The percentage of Alaskans who have been infected or hospitalized after having been fully vaccinated from COVID is steadily rising, according to a new report from the Alaska Division of Public Health.

The Aug. 26 report notes that COVID shots were first administered in Alaska in December of 2020. Since then, the number of vaccine breakthrough cases has grown each month. The report claims this is partly due to the fact that more Alaskans have been vaccinated overall.

In looking at the breakthrough cases, the report only analyzes instances where COVID was a “cause of hospitalization” and not merely an incidental finding from someone who was admitted for other reasons such as childbirth or traumatic injury.

The study only documented Alaskans older than 12 years, as this population is ineligible to receive COVID shots.

Another contributor to breakthrough cases is likely due to the declining effectiveness of the vaccines against the Delta variant, the report notes.

Also excluded from the study were those who tested positive less than 14 days after receiving their second vaccine dosage, as these people were not deemed “fully vaccinated.” These people were also not deemed vaccine breakthrough cases if they were again subsequently hospitalized after the 14-day window since vaccination had passed.

The date ranges covered in the study run from Jan. 16 to July 31, 2021.

Through the end of July, a total of 1,890 vaccine breakthrough cases were documented among Alaska residents.

In July, when roughly 50% of Alaskans ages 12 and older were vaccinated, there was a total of 4,134 total COVID cases. Of these 1,222 (or 29.6%) were among those who were fully vaccinated. That means roughly three out of every 10 COVID cases were due to breakthrough cases last month.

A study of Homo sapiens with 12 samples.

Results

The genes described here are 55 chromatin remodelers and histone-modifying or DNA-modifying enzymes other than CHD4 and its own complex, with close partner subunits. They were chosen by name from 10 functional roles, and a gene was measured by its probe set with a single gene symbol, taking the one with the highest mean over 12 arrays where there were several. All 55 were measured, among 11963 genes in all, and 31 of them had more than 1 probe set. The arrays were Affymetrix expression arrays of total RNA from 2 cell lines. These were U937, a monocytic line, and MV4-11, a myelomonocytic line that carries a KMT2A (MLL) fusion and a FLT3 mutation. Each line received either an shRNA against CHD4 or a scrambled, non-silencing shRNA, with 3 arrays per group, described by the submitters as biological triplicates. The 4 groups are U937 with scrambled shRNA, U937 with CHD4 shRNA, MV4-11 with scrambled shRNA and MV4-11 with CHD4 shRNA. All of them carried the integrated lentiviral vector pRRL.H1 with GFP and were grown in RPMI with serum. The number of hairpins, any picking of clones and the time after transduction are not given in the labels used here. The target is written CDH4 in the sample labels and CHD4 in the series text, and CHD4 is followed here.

During July, the greatest number of breakthrough cases were among those ages 60-69 and 70 years or older. Breakthrough cases amounted to 46% of all COVID cases in the 60-69 age range and 57% of all cases among those ages 70 and above. There were still substantial breakthrough cases in younger age groups as well. Roughly 35% of all COVID cases for ages 50-59 were breakthroughs as were nearly 37% of cases for those ages 40-49.

Among those 12 to 39 years old, breakthroughs were less common.

With regard to hospitalizations, nearly two out of every 10 COVID cases (19.4%) were due to vaccine breakthroughs. There were 165 total hospitalizations due to COVID last month with 32 of those being breakthroughs.

Among those who were classified as “COVID-19 deaths,” nearly a quarter – four out of 17 – were breakthroughs.

The report ends with an explanation of the data, noting that as more cases of COVID occur among unvaccinated persons, “the proportion of the unvaccinated population that is susceptible to infection goes down, and the expected proportion of cases in this group goes down.”

The report also admits that waning effectiveness of COVID shots may account for the rise in vaccine breakthroughs. This is particularly true of older residents and those with compromised immune systems.

Another contributor to breakthroughs is likely due to the declining effectiveness of vaccines against the Delta variant, the report states.

It adds that “reporting COVID-19 cases among fully vaccinated persons may be more likely to be detected than COVID-19 cases among persons who are not fully vaccinated.” This could “artificially increase the proportion of detected cases among fully vaccinated persons.”

The report acknowledges that the unvaccinated who are infected by COVID may build up an immunity to the virus faster than the vaccinated population, “thereby making vaccination appear less effective.”

It concludes by observing that “Further research is needed to better understand the long-term effectiveness of each COVID-19 vaccine.”


Joel Davidson
Joel is Editor-in-Chief of the Alaska Watchman. Joel is an award winning journalist and has been reporting for over 20 years, He is a proud father of 8 children, and lives in Palmer, Alaska.